Local leadership, plus police presence, can make a big difference in a community

Chief Eddie Tallman was leader of Whitefish Lake First Nation at Atikameg in the late 1980s.

Joe McWilliams
For South Peace News

When it comes to how much difference a proper law enforcement program can make in a community, there are lots of examples.

One of them is about how a program that started from scratch in 1987 went a long way to reducing some bad things that were happening in a community in the Lesser Slave Lake area. It comes courtesy of Brian Pitcairn, a former employee of the band.

Atikameg had its share of problems – many of them caused by consumption of alcohol. Pitcairn says newly-elected Whitefish First Nation Chief Eddie Tallman wanted to do something about it. The band administration was just being set up and Pitcairn was hired to help run it.

“[Chief Tallman] noted we didn’t have good support from police. There was a plain lack of law enforcement in the community,” Pitcairn says.

So they came up with a plan. Part of the plan was to get greater powers for the band constable, a fellow named Colin Riley. This required negotiations with the feds and the province, as well as discussion with High Prairie RCMP. With their support, Pitcairn says, Riley got his expanded powers and was able – for example – to start stopping drunk drivers and charging them.

Staff Sgt. Duncan Will in High Prairie “gave it tremendous support,” Pitcairn recalls.

Will, long since retired and still living in the High Prairie area, said last week he remembers Chief Tallman being “much admired” for his role in the community, and “instrumental in fostering better relations.”

Band Const. Riley, he says, “was invaluable to the detachment, as a contact and a first responder.”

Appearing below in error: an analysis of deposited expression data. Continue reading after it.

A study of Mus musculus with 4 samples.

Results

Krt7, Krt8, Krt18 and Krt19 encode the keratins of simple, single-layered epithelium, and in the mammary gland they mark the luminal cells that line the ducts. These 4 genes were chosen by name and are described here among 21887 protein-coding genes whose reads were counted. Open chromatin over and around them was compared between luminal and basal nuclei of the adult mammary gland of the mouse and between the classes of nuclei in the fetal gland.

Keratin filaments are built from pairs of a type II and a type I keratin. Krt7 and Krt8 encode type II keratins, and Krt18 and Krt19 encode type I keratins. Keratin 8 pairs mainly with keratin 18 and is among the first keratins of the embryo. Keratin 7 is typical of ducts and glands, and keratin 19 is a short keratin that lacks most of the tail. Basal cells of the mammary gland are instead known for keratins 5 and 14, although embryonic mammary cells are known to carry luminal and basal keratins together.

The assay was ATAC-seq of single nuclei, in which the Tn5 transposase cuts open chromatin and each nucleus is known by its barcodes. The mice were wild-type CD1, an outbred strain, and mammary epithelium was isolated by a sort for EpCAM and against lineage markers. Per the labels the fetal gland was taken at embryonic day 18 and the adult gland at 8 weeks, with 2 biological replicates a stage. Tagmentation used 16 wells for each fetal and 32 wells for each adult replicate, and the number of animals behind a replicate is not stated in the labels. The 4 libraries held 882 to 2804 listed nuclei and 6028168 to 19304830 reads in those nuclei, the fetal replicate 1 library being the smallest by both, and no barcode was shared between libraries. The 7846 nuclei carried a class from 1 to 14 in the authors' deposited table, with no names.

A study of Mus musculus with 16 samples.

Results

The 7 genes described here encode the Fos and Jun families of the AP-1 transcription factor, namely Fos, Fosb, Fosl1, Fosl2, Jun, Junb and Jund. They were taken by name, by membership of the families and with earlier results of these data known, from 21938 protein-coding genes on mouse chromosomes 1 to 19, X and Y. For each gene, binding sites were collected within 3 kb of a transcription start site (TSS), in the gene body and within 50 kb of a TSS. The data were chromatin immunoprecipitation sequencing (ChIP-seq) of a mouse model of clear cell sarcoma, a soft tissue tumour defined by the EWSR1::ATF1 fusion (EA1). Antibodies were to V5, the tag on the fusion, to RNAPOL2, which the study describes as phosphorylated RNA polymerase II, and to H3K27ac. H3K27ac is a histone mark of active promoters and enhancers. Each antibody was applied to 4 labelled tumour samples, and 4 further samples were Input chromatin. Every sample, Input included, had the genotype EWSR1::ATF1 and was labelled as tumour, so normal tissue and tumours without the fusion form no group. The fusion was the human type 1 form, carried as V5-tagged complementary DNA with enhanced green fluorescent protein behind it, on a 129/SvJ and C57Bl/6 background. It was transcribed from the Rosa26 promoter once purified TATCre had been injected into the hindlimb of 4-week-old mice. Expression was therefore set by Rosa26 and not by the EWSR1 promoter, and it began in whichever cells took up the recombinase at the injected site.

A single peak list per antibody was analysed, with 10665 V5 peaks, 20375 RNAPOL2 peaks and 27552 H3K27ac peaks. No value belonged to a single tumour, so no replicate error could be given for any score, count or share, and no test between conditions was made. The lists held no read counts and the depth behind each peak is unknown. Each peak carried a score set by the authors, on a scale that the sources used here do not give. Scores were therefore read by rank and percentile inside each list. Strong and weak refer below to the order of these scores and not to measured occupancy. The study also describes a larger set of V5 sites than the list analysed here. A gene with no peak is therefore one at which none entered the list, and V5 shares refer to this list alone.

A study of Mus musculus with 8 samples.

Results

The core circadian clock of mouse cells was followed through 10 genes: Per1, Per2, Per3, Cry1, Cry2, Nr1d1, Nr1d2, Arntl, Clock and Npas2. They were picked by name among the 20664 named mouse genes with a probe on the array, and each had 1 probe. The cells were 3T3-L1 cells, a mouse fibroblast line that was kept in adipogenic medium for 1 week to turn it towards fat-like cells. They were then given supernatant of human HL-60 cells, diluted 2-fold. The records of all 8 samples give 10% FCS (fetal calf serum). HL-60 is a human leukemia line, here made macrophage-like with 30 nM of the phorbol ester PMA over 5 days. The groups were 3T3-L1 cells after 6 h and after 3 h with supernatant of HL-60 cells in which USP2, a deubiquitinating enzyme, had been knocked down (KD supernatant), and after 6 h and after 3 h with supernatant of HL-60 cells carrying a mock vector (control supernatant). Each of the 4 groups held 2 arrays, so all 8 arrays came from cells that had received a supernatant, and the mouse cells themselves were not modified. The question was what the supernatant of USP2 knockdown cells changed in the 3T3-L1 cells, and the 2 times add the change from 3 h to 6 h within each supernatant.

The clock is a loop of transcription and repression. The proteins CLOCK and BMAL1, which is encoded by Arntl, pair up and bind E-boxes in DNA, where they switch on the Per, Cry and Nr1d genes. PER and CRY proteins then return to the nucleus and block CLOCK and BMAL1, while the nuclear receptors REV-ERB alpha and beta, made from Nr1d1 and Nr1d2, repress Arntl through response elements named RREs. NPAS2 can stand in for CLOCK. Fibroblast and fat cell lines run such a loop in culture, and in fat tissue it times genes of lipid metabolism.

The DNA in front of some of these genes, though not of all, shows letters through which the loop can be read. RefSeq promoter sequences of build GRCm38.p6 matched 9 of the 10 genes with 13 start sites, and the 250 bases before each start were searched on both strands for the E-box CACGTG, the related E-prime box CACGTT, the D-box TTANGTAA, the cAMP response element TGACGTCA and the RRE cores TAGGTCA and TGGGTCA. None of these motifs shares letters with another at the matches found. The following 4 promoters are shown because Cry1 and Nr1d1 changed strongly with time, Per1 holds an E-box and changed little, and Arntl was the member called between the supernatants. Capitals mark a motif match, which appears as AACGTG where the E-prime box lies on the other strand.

Provincial approval for the expanded powers required a law-enforcement plan. It had three main points. One was to reduce impaired driving, “because that was killing people – literally,” Pitcairn says.

The second focus of the enforcement plan was “to break up big house parties involving alcohol,” he says.

“Out of these things came drunk driving and fights and so on.”

The third priority in the Whitefish policing program was to do something about a situation that happened all-too-often. Guys would get drunk, Pitcairn says, fight with their wives and “end up throwing the wife and the kids out of the home.”

The band council came to have the view that if anybody got to stay in the home it was the mother and her kids, not the drunk husband. So they empowered the constable to do something about it. This included taking the guy to High Prairie to spend a couple of days behind bars if that’s what it took.

“I think it went very well,” says Pitcairn. “Over the life of the program we shut down all the bootlegging in the community. And we made it known, if you think you’re going to throw the family out and stay in the house…guess what?”

It went even further; a lot further.

“Council outlawed the consumption of liquor in private homes, for the sake of peace and good order. We had 25 convictions in provincial court.”

The program ran from 1987-89.

The second phase of the community enforcement program began with the hiring of a Mohawk from the Six Nations in Ontario to replace the departed Riley, Karl Berkeley by name. He had professional policing experience.

Then nearby Gift Lake was approached, to see about joining forces in community policing.

“Our guys had no authority in Gift Lake,” Pitcairn recalls, and shutting down bootlegging and drinking and such in one community had the predictable effect of making it worse in the other.

“They thought it was a good idea.”

The result of that for a time was a team of seven constables – three full-time and four parttime, with Berkeley in charge. He had a solid working relationship with the High Prairie RCMP, and things improved in the communities.

“The benefits for both communities were huge,” Pitcairn says.

All of this, it can be pointed out, was a long time ago.

What’s the situation since then? Pitcairn says there was a lull for a few years, where law enforcement wasn’t as effective. More recently, he says he’s heard the band has a new agreement with the RCMP, resulting in a constable attached to Atikameg full-time.

“From what I’m hearing it’s having a good effect on the community,” he says.

S/Sgt. Warren Wright of the High Prairie Detachment agrees. He’s fairly new to the post, but says from what he hears, the RCMP officer dedicated to Whitefish has been “very warmly received” by chief and council and the community.

“He’s doing great things up there,” says Wright.

Attempts were made to contact the Whitefish chief and band manager for comments, but they were not returned.